At its testing center in Marknesse, the Royal Netherlands Aerospace Center (NLR) has flown a hydrogen-powered drone in Dutch airspace. It’s the first time this has been done outdoors in the Netherlands. The test provides additional insights into research and development of alternative fuels for sustainable aviation.
This first flight involved a drone – or more formally, a remotely piloted aircraft system (RPAS) – weighing eight kilograms with six propellers and a high-pressure tank (300 bar) of two liters, filled with hydrogen gas. The tank is connected to a fuel cell in which the hydrogen reacts with oxygen from the air to produce electrical energy. This ensures that the drone’s flight is – locally at least – CO2-neutral. The only residual product is water vapor. Another major benefit of hydrogen is that the drone can fly significantly longer with a full tank than it could with just a battery.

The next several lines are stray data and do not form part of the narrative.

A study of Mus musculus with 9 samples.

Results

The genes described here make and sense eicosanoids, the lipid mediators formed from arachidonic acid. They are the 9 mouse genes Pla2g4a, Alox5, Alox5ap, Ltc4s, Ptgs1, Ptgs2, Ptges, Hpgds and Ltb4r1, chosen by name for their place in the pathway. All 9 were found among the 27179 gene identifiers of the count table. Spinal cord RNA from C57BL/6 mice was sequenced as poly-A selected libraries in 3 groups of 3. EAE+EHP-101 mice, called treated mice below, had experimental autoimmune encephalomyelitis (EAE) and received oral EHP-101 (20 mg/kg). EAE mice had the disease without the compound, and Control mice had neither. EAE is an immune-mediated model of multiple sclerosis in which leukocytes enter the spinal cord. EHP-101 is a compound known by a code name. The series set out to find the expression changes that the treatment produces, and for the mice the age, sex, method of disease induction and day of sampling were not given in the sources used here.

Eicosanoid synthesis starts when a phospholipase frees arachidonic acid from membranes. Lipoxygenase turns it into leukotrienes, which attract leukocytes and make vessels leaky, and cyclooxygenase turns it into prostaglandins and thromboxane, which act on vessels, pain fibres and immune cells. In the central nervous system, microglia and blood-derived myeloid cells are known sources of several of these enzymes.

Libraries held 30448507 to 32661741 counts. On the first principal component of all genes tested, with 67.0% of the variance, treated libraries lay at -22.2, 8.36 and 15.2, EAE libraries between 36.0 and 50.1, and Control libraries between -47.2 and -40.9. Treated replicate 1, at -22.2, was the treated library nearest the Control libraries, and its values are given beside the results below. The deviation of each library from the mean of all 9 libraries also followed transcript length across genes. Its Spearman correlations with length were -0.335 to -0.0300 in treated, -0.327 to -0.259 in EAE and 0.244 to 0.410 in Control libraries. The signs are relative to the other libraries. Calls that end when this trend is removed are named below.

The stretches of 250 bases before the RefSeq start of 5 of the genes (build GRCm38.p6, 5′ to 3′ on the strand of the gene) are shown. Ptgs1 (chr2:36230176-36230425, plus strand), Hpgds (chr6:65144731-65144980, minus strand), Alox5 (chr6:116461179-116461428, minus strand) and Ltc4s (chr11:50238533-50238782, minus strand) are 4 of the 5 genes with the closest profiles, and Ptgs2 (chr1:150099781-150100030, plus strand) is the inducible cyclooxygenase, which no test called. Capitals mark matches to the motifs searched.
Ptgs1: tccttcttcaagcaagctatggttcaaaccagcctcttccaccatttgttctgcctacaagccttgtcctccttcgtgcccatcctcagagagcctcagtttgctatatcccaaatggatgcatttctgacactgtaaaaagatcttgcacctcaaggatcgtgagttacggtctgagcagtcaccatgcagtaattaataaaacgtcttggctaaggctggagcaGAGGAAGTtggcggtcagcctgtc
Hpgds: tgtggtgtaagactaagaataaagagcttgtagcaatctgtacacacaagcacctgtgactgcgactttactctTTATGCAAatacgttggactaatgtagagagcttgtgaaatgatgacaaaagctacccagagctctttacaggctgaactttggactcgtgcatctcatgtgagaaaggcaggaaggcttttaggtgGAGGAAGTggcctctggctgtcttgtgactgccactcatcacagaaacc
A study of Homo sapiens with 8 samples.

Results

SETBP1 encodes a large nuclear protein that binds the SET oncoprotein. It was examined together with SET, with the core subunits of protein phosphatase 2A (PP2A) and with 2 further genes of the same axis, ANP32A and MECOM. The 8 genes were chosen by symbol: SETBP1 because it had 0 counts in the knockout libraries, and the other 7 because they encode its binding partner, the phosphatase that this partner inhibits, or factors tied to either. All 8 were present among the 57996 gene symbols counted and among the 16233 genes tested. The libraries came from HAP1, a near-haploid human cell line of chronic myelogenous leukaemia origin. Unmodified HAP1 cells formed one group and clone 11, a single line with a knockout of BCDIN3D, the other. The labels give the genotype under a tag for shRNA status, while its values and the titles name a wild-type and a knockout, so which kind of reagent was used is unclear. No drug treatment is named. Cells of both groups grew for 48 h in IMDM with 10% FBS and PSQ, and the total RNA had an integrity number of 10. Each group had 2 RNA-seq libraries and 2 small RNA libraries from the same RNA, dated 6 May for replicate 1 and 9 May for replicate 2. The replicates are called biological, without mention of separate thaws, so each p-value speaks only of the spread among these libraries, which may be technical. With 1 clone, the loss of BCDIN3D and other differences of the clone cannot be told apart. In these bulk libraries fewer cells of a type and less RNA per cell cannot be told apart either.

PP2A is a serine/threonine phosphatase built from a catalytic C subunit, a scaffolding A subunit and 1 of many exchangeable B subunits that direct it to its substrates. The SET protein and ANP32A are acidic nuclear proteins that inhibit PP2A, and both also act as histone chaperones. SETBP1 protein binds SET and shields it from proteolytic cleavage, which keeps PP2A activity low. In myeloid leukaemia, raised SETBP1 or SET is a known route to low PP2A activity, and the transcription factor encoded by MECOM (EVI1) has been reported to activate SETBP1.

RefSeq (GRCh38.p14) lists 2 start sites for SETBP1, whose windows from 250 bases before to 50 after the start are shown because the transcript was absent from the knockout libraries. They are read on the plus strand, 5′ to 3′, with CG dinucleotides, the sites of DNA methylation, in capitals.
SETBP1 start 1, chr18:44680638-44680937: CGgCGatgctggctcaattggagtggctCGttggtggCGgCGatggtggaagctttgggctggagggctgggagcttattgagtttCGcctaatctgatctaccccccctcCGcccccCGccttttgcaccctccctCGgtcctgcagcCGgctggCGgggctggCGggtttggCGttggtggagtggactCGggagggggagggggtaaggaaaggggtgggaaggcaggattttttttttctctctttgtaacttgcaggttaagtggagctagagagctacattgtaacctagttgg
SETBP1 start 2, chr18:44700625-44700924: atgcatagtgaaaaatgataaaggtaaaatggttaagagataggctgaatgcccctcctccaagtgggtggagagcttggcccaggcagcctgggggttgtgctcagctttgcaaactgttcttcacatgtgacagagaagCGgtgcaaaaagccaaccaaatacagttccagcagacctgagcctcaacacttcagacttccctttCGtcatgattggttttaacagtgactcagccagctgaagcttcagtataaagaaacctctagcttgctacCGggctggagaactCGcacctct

Martin Nagelsmit, NLR’s Electric Flying program manager, says, “The drone’s power is 2 kW. The next planned step for hydrogen-powered flying is quite a bit bigger: 15 kW. Ultimately, NLR is aiming for emission-free aviation by no later than 2070. Hydrogen power can play a major role in this. So we’re starting by making that possible for drones. In addition, we’re demonstrating a concrete step in the agreements that the aviation sector has made for reducing CO2 emissions by 35 percent by 2030, as well as in the agreements in the draft accord for sustainable aviation.”
After carrying out various tests, NLR will share its findings with other parties so that they too can carry out flights in the short term. The Dutch navy, for instance, is busy developing a hydrogen-powered drone for flights above sea and the close collaboration with Dronehub Groningen Airport Eelde means that their drone will also be approved by NLR shortly.